Chewing on the tobacco politics
21 June 2019 | Opinion
This week secretary to cabinet, George Simataa, was at pains to explain why government has now given the green light for the initiative.
He said this was due to the envisaged socio-economic benefits it would bring to the region and Namibia at large.
Simaata said the project is anticipated to create 7 120 permanent jobs, as well as temporary jobs during harvesting seasons.
He added the 10 000 hectares will be subdivided into 2 500 hectares each and be utilised on a rotational basis for maize, animal fodder, tobacco and the construction of factories, offices and operational units, such as warehouses, a water reservoir of 60 000 cubic metres, accommodation facilities, a clinic, a school and roads within the plantation.
Among the objectors are former health ministers, the Affirmative Repositioning (AR) movement and the Cancer Association of Namibia (CAN), with the latter calling on cabinet to “rethink” its approval.
CAN said it had cited concerns, such as the severe consequences for the environment and the people of Namibia.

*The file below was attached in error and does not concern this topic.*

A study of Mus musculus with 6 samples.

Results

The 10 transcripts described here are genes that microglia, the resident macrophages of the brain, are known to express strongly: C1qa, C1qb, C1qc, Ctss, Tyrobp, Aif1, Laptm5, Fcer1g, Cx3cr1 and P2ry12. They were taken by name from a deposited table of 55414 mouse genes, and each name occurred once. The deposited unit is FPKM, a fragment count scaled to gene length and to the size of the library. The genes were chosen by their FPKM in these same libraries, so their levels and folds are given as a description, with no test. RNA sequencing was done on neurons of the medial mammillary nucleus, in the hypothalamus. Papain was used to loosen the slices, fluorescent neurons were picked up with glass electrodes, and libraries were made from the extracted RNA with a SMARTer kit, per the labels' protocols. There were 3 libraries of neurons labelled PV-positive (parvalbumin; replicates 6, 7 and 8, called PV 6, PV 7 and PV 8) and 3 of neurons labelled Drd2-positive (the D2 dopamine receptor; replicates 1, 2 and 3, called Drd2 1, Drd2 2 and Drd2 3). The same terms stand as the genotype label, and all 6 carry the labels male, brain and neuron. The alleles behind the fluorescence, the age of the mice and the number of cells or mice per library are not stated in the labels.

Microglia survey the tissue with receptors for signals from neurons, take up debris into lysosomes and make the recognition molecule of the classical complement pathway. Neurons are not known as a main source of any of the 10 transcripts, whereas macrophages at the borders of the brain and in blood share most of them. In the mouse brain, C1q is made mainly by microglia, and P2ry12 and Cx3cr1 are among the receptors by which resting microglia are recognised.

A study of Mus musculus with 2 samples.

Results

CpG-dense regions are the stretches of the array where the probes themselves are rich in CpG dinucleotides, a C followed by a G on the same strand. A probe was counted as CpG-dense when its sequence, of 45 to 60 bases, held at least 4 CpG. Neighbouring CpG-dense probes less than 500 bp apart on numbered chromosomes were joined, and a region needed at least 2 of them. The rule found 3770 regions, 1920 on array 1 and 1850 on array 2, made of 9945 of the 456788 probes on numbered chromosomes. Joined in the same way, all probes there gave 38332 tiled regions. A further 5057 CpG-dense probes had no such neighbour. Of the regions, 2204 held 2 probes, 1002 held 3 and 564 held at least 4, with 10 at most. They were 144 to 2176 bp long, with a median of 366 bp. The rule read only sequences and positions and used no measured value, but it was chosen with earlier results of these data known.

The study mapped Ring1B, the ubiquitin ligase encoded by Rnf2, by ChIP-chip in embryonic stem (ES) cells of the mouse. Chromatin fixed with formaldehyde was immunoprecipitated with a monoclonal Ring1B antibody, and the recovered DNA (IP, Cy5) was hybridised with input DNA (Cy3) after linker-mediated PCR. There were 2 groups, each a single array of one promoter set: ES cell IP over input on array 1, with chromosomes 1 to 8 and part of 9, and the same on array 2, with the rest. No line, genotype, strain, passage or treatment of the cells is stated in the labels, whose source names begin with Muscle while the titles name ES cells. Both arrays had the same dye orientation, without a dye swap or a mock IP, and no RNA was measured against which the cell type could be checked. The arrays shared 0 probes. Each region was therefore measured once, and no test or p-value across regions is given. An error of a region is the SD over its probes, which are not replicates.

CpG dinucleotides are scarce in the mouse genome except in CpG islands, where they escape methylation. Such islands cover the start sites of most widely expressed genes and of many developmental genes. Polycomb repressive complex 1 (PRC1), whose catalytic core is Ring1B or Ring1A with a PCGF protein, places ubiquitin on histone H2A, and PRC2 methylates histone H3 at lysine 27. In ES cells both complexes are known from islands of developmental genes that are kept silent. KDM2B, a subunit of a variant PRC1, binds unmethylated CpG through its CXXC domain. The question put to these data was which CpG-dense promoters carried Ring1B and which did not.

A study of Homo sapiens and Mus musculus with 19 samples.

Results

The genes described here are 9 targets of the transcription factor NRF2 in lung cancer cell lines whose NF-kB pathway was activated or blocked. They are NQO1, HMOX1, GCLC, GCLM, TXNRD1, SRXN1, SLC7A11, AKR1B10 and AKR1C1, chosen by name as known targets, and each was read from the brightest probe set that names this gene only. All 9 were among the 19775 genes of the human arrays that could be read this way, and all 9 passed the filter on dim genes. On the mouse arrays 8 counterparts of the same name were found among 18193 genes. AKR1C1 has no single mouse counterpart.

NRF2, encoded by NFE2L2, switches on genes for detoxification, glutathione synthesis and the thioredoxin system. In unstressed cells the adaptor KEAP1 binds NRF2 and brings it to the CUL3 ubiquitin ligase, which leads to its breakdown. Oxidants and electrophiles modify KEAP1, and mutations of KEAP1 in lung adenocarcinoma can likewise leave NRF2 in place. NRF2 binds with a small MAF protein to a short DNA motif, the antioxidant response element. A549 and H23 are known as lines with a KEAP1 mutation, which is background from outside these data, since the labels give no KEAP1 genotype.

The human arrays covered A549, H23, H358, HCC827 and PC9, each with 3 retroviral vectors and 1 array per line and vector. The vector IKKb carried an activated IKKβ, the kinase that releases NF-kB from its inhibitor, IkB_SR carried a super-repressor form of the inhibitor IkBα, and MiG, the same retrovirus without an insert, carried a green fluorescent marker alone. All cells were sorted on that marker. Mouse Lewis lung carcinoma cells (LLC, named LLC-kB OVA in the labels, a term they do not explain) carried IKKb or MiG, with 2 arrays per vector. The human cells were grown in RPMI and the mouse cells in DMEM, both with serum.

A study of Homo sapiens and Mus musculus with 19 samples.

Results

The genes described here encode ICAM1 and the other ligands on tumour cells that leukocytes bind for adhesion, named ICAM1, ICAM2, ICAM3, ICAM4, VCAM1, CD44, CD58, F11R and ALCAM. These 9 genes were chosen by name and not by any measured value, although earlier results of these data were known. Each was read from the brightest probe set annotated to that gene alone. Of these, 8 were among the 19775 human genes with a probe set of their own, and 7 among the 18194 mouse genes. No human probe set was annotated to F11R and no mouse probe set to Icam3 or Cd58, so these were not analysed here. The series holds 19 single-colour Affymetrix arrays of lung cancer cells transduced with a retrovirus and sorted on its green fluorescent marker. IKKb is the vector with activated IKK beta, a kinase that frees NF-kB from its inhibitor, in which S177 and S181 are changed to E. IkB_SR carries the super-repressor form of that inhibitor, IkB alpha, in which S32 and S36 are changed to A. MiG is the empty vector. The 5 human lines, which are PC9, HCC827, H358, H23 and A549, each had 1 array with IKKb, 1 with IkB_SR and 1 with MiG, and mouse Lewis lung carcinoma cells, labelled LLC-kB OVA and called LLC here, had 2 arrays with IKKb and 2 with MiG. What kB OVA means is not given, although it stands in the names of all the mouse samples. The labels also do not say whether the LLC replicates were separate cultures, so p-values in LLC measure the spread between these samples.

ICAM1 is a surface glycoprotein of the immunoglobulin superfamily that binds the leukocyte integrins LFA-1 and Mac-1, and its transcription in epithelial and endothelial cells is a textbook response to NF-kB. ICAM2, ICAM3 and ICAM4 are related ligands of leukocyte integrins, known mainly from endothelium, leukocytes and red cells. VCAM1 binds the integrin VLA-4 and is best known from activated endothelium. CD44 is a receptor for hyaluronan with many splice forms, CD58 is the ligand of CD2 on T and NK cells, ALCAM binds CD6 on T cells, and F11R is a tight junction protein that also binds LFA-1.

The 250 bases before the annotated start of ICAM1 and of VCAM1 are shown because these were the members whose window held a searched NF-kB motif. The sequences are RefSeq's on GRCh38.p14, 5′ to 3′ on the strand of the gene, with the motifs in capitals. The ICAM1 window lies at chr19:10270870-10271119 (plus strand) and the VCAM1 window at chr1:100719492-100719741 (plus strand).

It said further that the project contravenes agreements concluded with the World Health Organisation (WHO).
Largely lost in the smokey haze has been the role of prominent politicians in the saga.
Swapo Oshikoto regional coordinator Armas Amukwiyu is the local partner in Namibia Oriental Tobacco, while land reform minister Utoni Nujoma apparently facilitated a cabinet presentation by the Chinese investors in June last year.
Although Amukwiyu is widely believed to have had a fallout with President Hage Geingob and his faction ahead of the 2017 Swapo congress, where he stood for the Team Swapo camp against Sophia Shaningwa, who was the president’s candidate for SG, they both still represent ruling party interests.
It is therefore inescapable that the politics behind the tobacco project is either a reconciliation or members of both camps lighting up to benefit.